The tribals of Sonbhadra district’s Nagwa village are no ordinary people.
As one walks towards this village in Dudhi taluk on the border of Uttar Pradesh, touching Chhattisgarh and Jharkhand and an entry point for Naxalites, it looks as if the Kanhar river is wearing a necklace of wild jamun and mahua trees interspersed with other varieties.
It is not a natural forest. Nor is it is a plantation under the forest department.
Inhaling the camphor-like smell of mahua, one learns that it is a forest that has been planted by the tribals themselves, protected from both the villagers and the forest department.
As one walks to the village chaupal, the full moon is hanging low and seems to be almost touching the bamboo clumps under which one sits, with occasional bird droppings interrupting the movement of the pen on the reporter’s notepad.
A group of six-seven villagers is present there while another sits around coal fire baking littis (wheat balls). Soon, more people join and the number of cots and chairs in the courtyard increases.
They are daily-wagers who work in the neighbouring coal fields and peasants. Their leader, Harikishan, the secretary of the newly-formed village forest rights committee under the Forest Rights Act narrates the story of the "green necklace.’’
In 1980, the forest department decided that the 500 acres of land the villagers had been cultivating for generations was arid and useless and fit to be declared a forest area.
The tribals were taken by surprise. The land was proposed to be notified under Section 20 of the Forest Act. There was no inspection or notices, said Harikishan. As he speaks, the crowd gets thicker and the moon drops lower, as if to make up for lack of electricity in the village, though the country gets a large part of its power from thermal plants just a few kilometres away.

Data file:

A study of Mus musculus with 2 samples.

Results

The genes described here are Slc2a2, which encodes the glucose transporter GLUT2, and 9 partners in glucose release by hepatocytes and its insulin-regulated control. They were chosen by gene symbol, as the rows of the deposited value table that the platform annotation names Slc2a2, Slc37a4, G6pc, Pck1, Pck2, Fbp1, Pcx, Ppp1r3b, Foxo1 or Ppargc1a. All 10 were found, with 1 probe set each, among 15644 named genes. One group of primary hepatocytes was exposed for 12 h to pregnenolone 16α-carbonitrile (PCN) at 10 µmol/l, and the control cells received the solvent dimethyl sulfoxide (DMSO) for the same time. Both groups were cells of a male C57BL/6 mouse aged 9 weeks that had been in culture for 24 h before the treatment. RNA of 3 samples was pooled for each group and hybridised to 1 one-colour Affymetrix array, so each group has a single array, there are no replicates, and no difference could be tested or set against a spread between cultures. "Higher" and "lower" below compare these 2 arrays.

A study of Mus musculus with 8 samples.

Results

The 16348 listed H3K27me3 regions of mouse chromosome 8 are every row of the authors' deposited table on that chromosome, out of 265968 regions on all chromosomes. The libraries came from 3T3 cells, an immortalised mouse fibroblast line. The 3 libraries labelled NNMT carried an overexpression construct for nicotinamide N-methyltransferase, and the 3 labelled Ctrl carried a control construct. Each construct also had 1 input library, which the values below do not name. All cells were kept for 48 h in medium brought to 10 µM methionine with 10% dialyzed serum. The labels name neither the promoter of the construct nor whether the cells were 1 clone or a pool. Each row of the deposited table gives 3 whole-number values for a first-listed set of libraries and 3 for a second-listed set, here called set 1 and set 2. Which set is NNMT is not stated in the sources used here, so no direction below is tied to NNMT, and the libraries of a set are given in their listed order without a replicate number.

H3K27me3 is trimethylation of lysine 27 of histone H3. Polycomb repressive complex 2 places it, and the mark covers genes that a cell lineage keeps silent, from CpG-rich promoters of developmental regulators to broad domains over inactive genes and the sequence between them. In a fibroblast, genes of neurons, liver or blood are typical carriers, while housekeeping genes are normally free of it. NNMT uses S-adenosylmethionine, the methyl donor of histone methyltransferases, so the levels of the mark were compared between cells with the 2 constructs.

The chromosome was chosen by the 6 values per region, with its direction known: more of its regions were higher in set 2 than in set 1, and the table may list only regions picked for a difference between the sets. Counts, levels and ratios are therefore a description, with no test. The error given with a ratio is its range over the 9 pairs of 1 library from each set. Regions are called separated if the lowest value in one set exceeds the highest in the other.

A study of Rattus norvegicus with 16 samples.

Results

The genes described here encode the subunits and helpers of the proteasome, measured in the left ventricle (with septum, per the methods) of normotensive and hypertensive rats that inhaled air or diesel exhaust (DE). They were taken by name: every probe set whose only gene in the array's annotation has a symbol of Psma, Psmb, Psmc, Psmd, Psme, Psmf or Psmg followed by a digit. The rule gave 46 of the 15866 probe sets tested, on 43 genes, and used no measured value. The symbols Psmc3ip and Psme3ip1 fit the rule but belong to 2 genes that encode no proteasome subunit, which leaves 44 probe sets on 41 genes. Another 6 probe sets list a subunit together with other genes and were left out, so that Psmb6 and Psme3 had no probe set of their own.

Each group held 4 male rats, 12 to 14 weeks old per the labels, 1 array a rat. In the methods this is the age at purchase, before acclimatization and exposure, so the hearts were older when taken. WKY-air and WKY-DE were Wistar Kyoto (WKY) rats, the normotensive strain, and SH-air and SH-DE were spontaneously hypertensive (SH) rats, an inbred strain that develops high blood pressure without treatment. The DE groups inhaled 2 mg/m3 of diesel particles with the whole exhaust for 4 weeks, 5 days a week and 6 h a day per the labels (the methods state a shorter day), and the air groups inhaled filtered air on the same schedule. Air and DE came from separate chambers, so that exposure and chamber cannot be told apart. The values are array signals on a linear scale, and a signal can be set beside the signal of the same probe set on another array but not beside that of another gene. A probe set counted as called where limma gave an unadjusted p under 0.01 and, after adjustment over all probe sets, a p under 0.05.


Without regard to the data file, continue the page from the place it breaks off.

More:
When eviction dawned upon them, the tribals took on the forest department with their bows and arrows. The administration lodged cases against them under the Forest Act. The then newly-elected MLA, Vijay Singh, a Gond tribal himself, led the villagers to the state forest minister, who realised there was a mistake. The land cultivated by the villagers had not been included in revenue records, which led to the move by the forest department. The department also neglected to inspect the land. The cases were withdrawn.
In the midst of this struggle, some villagers decided to do their bit for environment after being inspired by some local NGOs. They persuaded the people to grow trees along the river to control the pollution level.
The area was full of wild jamun plants which were cut for firewood and never grew to their full length. Today, they have grown into gigantic trees and stand along with several other varieties planted by the villagers. The village has formed four committees which police different stretches of the strip. The village has also prevented formation of a joint forest management committee of the forest department. "That would leave us just partial owners of the forest. We want full rights," said Harkishan.
Meanwhile, the Nagwaites are waiting for the titles for the 500 acres of farm land that they snatched from the teeth of forest officials several years ago.